By now, most people realize that private sector union membership in the U.S. stands at about 7 percent, which means that 93 percent of all private sector jobs are non-union. Which makes those accusations of unions of being "too big" and "too powerful" even more ridiculous and hysterical than they were when private sector membership was only a meager 10 percent. (Not to resort to one of those tiresome Nazi analogies, but didn't Hitler use the Big Lie to great effect?)
Yet, even with these depressingly low membership numbers, if America's non-union workers rooted for unions to succeed, and, indeed, aspired to join a union themselves, it would mean, at least in theory, that the labor movement was alive and well and had a decent chance of succeeding.
Unfortunately, that doesn't seem to be the case. Alas, too many non-union workers not only don't admire or respect labor unions, they hate them. They fear them. They resent them. It's as if America's corporate masters had gathered all the underpaid, under-benefited non-union workers together in the same room, and done some hideous Manchurian Candidate brainwashing number on them, convincing them that they could trust the profit-motive more than they could trust a workers'un collective.
As a college student, I worked part-time as a breakfast cook. I'm not exaggerating when I say that, back in those days, it was the dream of every cook to get a job in a union manufacturing plant. That was their life's goal. These guys didn't dream of being millionaires or lottery winners or entrepreneurs; they dreamed of working in an industrial setting where the wages, benefits, and working conditions were union-scale.
Which is why it's so disappointing to see the antipathy directed toward unions today. One objection is that unions are "corrupt." That assertion has always puzzled me. Are people confusing ineptitude, laziness, and lack of imagination with "corruption," because I've never seen any evidence of widespread corruption, certainly not enough to damage labor's reputation. Are these people locked into some sort of time-warp, where they still imagine seeing newsreel footage of union honchos doing the perp-walk? Those days are over.
Another objection is that workers shouldn't be forced to join a union or forced to pay dues. That one not only puzzles me, it irritates me. You hire into a union shop because the wages and benefits are roughly 15 percent better than non-union facilities, and yet you balk at having to embrace the very organization that made those wages and benefits possible? Several words come to mind: hypocrite, freeloader, ingrate.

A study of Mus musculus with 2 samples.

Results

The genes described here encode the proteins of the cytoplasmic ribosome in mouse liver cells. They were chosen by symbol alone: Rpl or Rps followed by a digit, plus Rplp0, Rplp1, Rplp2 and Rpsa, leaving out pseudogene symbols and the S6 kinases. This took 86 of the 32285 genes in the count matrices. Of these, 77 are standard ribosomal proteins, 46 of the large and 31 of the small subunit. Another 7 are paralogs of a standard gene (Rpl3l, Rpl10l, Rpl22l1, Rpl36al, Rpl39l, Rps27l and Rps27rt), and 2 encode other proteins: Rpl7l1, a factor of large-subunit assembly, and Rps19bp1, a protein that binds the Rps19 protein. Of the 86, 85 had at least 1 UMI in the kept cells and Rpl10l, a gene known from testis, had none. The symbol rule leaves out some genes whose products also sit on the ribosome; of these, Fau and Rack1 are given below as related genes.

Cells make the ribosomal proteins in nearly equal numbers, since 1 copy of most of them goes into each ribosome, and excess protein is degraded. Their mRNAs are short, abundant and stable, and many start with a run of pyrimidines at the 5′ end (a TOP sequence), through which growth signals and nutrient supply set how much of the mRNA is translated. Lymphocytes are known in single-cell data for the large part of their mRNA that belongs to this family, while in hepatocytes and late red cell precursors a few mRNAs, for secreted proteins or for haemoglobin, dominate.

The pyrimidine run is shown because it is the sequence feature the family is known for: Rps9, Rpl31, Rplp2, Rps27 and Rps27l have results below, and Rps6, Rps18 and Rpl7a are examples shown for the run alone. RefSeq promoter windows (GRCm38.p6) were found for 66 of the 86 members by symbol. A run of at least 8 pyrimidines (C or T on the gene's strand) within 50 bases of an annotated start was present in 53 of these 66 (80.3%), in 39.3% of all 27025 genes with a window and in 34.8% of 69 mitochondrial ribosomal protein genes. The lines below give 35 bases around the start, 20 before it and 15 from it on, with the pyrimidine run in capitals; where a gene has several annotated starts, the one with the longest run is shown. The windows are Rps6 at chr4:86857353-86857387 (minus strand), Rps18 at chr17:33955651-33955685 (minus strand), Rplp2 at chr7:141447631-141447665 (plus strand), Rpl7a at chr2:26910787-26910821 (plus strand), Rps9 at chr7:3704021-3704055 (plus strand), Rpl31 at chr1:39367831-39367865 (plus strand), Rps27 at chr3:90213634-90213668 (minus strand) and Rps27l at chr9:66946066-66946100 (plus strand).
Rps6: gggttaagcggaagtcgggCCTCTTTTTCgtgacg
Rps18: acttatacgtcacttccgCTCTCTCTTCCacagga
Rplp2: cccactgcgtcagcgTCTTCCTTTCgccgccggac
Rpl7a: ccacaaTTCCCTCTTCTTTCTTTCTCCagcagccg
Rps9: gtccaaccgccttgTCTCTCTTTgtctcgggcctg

In an odd way, the resentment at being "forced" to join a union (despite its obvious advantages) reminds me of the South's resistance to desegregation. Southerners wouldn't accept the fact that the federal government could tell a restaurant owner in Alabama that he no longer had the right to choose whom he could and couldn't serve. Even though the restaurant was private property, his "Whites Only" signs had to come down. It was a concept people couldn't absorb. Perhaps that same mindset applies to union membership.
This classic labor versus management adversarial relationship has been in place in the U.S. ever since the mid-19th century, and has existed in Europe for even longer. Because everything and everyone -- the Congress, the media, the police, the banks, the Church, the city fathers -- were arrayed against the unions, it was a constant struggle, and any progress labor made came at a steep price.
But the one enduring resource unions could always count on -- the one built-in advantage they had -- was the support of working men and women. And that was because workers felt they were all pretty much in the same boat. Moreover, it was this grassroots, across-the-board solidarity that management most feared because they had no way of combating it, other than by giving workers a larger slice of the pie.
And this is what makes the current anti-unionism so disturbing. Despite statistics clearly showing that the middle class is losing more ground every year, the average worker, for whatever reason, continues to place more faith in the generosity and infallibility of the so-called "free market" than he does in the only lobbying organization working people have ever had. It's like one of those cowboy movies, but one where the Indians trust the cavalry more than their own tribe.
If the support of decent, hard-working men and women continues to evaporate, it means we're sunk. Simple as that. It means Corporationism has not only won the battle, but the war. And who knows? Maybe this thing is already over. Maybe organized labor is walking around zombie-like, unaware that it's America's undead.
David Macaray, a Los Angeles playwright and author ("It's Never Been Easy: Essays on Modern Labor," 2nd Edition), was a former union rep.